Issued in Nairobi on Friday 12 June 2020
- We assembled here this morning as leaders from Western Kenya, with a few of our friends from other parts of our country, in what we purpose to be a regular meeting of leadership minds. In these meetings, we purpose to compare notes and thoughts on various aspects of our people’s lives. We will particularly focus on the unfolding character of governance and of the political economy in country – and its implications for everybody. Without any apologies, we will also significantly ask what they mean for our region.
- Yesterday, 11 June 2020, was budget day. The honorable Cabinet Secretary for Finance, Mr. Ukur Yatan, gave the financial estimates for the period 2020-2021. He gave the way forward for the political economy in the coming days. We will subject the budget speech to further and deeper scrutiny. We will make our deeper pronouncements on it in the coming days. For now, however, we want to raise the red flag on the marginalization in the budget, for the Western Kenya economy – and indeed the entire Lake Basin Regional economy.
- We note with profound concern that the sugar industry, that has been the mainstay of our economy in Western Kenya, remains marginalized. Not a single word of hope has been given to the sugar farmer and to all those whose lives and livelihoods have been defined around the sugar industry – from Awendo to Nzoia and from Mumias to Ramisi. We are left wondering whether this is a factor of the State giving up on the industry, or is it erroneous human omission, or deliberate marginalization? Whatever the case, this must be corrected immediately. We call upon Parliament to attend to this concern.
- We also note that nothing that could imbue us with hope has been said about fishing and fisheries. The Government has previously foregrounded marine life as the next frontier of economic investment and growth. We, the leaders from Western Kenya, would like to fully understand what the blue economy should mean for the people of Western Kenya and the entire Lake Region.
- Marginalization of entire populations in the country continues to be a matter of profound concern to us. This is not just about our Western Kenya region, but other regions too, including marginalization of the urban poor throughout the country. We take note, for example, that while the Health Sector in the budget has taken a formidable allocation of funds, the mainstay in this budget is focused on the Nairobi Metropolitan Area. While we appreciate the fact that this is the epicenter of the new coronavirus menace, we also wish to state that the Nairobi Metropolitan Area is not Kenya. Let all Kenyans benefit from equitable budgetary allocations in all sectors.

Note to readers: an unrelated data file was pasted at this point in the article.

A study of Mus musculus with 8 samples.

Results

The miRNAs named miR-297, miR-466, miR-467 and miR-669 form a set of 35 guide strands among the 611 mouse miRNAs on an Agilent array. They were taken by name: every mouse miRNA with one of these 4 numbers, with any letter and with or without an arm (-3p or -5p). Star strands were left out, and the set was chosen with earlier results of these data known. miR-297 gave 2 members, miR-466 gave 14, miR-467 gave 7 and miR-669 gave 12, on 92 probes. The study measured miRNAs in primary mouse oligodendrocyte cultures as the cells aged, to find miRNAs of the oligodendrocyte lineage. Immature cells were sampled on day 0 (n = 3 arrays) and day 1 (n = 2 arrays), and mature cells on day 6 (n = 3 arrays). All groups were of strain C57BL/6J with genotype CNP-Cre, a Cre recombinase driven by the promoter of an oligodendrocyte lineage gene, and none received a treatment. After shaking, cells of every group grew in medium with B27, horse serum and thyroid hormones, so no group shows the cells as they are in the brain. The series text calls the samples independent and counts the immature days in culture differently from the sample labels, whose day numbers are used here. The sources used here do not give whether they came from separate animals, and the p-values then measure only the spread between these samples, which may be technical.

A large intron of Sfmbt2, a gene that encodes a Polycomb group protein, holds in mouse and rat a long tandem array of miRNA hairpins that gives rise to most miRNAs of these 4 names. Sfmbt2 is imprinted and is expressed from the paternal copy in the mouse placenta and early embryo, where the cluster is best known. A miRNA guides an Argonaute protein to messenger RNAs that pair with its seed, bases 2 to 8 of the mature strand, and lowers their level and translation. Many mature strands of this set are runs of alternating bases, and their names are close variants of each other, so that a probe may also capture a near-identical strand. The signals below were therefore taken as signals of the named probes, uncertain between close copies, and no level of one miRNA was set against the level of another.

- We also remain concerned about the plight of farmers and pastoralists. In recent years, farmers have had very little to motivate them. They have had serious challenges with farm inputs and with markets for their produce. It is big irony that the country sometimes goes through waves of staple food shortages, while farmers are lumbered with staples that they cannot sell, due to terribly low production prices, set by the state. This matter requires urgent addressing.
- Meanwhile, Uganda remains Kenya’s foremost business partner in our region – and indeed one of the foremost globally. Again it’s a matter of great irony that the communities living adjacent to the Kenya Uganda border are among those who benefit least from the cross border trade between the two countries. This is true all the way from the Nyanza Lake Basin Region, all the way to the greater Mount Elgon Region. This anomaly is a factor of the underdeveloped economy in the Lake Basin, the North Rift and the Mount Elgon Regions. A deliberate blueprint to revamp the regional economy, all the way from the Central Rift Valley, the North and South Rift, the Lake Basin and Western Kenya, is of paramount urgency. In the coming days, we are going to push hard for this, both at the level of the National Government and Devolved Government.
- We are concerned about the state of overcrowding of trucks at the Kenya Uganda border. If the cause is fear of the new coronavirus disease, then our people who live adjacent to the border have every reason to be very afraid. The possibility of a terrible outbreak of the covid-19 disease in Western Kenya is very real. We call upon the Kenya Government to move swiftly to decongest the affected border points. This must be a matter of priority. We will closely monitor the developments and will not hesitate to address them again, should the situation persist.
- Meanwhile we remain concerned that the rehabilitation of the metre gauge railway from Nairobi to the Uganda border has remained a singsong. If this railway were functional, it would ease some of the pressure on road transport of heavy goods. It would also decongest the roads and make them less accident prone. We call for expedited action here. Indeed, the region must also benefit from the extended Standard Gauge Railway. National resources must serve the entire nation.